BAE rules out counter bid for tank maker


BAE Systems has ruled out a counter bid for Alvis, the British tank maker, which agreed to sell itself to America's General Dynamics for £309m last week.

BAE Systems has ruled out a counter bid for Alvis, the British tank maker, which agreed to sell itself to America's General Dynamics for £309m last week.

Thursday's 280p-a-share cash offer for Alvis surprised BAE, which already owns 29 per cent of the maker of the Challenger II tank. Last week it refused to say whether it would start a bidding battle. But sources close to BAE said that a bid was unlikely, as it would anger its already grumpy shareholders.

The news will hit Alvis's share price, which closed at 297p on Friday in anticipation of a possible bid from BAE.

General Dynamics said it would complete the deal to buy Alvis with support of just 50.1 per cent of shareholders, rather than the usual 90 per cent. This reduces BAE's chances of using its stake to block the deal.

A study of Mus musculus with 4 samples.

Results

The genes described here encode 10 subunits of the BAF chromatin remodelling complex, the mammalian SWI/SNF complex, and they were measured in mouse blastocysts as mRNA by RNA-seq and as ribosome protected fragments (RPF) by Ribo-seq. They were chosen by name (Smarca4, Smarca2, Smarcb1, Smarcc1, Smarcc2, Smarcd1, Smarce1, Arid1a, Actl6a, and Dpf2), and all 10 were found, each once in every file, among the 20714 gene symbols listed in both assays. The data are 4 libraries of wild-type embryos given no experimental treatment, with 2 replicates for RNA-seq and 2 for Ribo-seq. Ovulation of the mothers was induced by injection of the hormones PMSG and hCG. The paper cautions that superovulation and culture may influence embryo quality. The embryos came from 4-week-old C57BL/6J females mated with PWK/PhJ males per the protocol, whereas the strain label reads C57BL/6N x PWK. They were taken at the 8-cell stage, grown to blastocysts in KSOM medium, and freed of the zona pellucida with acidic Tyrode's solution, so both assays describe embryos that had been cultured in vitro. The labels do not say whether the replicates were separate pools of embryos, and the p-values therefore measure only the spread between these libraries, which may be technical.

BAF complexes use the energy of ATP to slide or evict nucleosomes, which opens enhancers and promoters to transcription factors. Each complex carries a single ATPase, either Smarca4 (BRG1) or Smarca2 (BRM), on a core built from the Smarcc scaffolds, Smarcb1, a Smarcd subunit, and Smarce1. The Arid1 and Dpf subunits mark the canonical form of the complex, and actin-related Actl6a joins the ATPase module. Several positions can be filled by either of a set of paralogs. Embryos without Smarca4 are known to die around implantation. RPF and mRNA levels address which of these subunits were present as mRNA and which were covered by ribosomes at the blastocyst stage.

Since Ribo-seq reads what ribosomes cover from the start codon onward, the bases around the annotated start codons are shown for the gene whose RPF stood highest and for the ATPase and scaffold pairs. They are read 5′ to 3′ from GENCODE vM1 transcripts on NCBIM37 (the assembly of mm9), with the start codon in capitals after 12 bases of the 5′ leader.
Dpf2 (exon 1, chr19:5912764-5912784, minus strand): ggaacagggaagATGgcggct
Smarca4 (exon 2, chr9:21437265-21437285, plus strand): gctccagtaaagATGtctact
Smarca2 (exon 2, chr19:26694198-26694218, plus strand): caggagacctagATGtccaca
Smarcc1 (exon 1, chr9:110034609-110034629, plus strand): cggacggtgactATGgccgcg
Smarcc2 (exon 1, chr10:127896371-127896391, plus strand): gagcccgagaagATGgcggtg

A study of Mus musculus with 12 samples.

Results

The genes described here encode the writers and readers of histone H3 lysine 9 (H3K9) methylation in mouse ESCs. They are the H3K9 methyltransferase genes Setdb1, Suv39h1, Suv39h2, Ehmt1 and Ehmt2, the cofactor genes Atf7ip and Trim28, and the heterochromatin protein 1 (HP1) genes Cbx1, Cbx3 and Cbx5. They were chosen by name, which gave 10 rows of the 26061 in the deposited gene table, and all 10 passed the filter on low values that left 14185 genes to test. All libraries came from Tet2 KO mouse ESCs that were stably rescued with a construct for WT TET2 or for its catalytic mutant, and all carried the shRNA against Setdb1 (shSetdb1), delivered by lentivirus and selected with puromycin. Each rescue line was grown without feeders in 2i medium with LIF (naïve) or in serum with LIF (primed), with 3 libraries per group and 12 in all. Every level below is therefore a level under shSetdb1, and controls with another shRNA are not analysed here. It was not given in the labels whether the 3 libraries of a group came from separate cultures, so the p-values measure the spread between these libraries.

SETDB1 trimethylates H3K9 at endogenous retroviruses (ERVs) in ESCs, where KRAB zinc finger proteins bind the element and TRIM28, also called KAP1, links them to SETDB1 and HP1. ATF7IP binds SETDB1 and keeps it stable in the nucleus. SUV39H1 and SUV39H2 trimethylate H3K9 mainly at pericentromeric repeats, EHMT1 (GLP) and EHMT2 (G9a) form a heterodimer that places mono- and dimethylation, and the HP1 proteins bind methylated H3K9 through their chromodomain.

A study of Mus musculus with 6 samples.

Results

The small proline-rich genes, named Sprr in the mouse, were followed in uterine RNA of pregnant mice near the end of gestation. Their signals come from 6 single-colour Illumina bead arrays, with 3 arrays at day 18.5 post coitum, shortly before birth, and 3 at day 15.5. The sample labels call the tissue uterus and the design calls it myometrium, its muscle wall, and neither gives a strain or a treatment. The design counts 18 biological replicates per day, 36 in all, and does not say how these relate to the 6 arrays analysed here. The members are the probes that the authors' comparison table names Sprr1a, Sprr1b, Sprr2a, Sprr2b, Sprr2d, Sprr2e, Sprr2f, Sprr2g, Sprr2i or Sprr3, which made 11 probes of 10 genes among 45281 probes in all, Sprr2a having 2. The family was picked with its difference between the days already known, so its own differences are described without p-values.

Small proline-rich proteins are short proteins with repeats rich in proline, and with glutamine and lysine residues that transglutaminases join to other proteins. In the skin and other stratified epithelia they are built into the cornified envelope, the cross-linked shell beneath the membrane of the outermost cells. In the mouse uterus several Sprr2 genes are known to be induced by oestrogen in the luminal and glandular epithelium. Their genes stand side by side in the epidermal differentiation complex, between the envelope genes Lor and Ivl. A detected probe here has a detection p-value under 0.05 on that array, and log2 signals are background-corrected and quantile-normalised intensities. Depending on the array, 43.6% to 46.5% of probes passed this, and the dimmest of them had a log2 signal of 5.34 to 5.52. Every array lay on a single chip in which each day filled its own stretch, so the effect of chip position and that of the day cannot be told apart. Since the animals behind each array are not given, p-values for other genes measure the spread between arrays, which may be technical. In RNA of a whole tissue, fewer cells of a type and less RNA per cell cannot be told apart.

BAE must now decide whether holding on to its 29 per cent stake will give it any influence over Alvis's future strategy. However, a General Dynamics spokesman said: "There won't be any partnership. BAE will be a minority shareholder in the business like anyone else."

BAE bought the Alvis stake from defence company GKN just seven months ago. If it sold to General Dynamics then it would make a £16m profit.

Alvis's shareholders have indicated that they are prepared to accept General Dynamics' offer. One top-five investor said: "We are happy with 280p."

The deal will require approval from the European Commission. However, the Ministry of Defence can force the commission to hand over sensitive aspects of the case to be considered by British regulators. This is to prevent confidential defence information leaking to other European countries.

Alvis is in pole position to win a large slice of the £3bn project to equip the Army with a new armoured vehicle programme.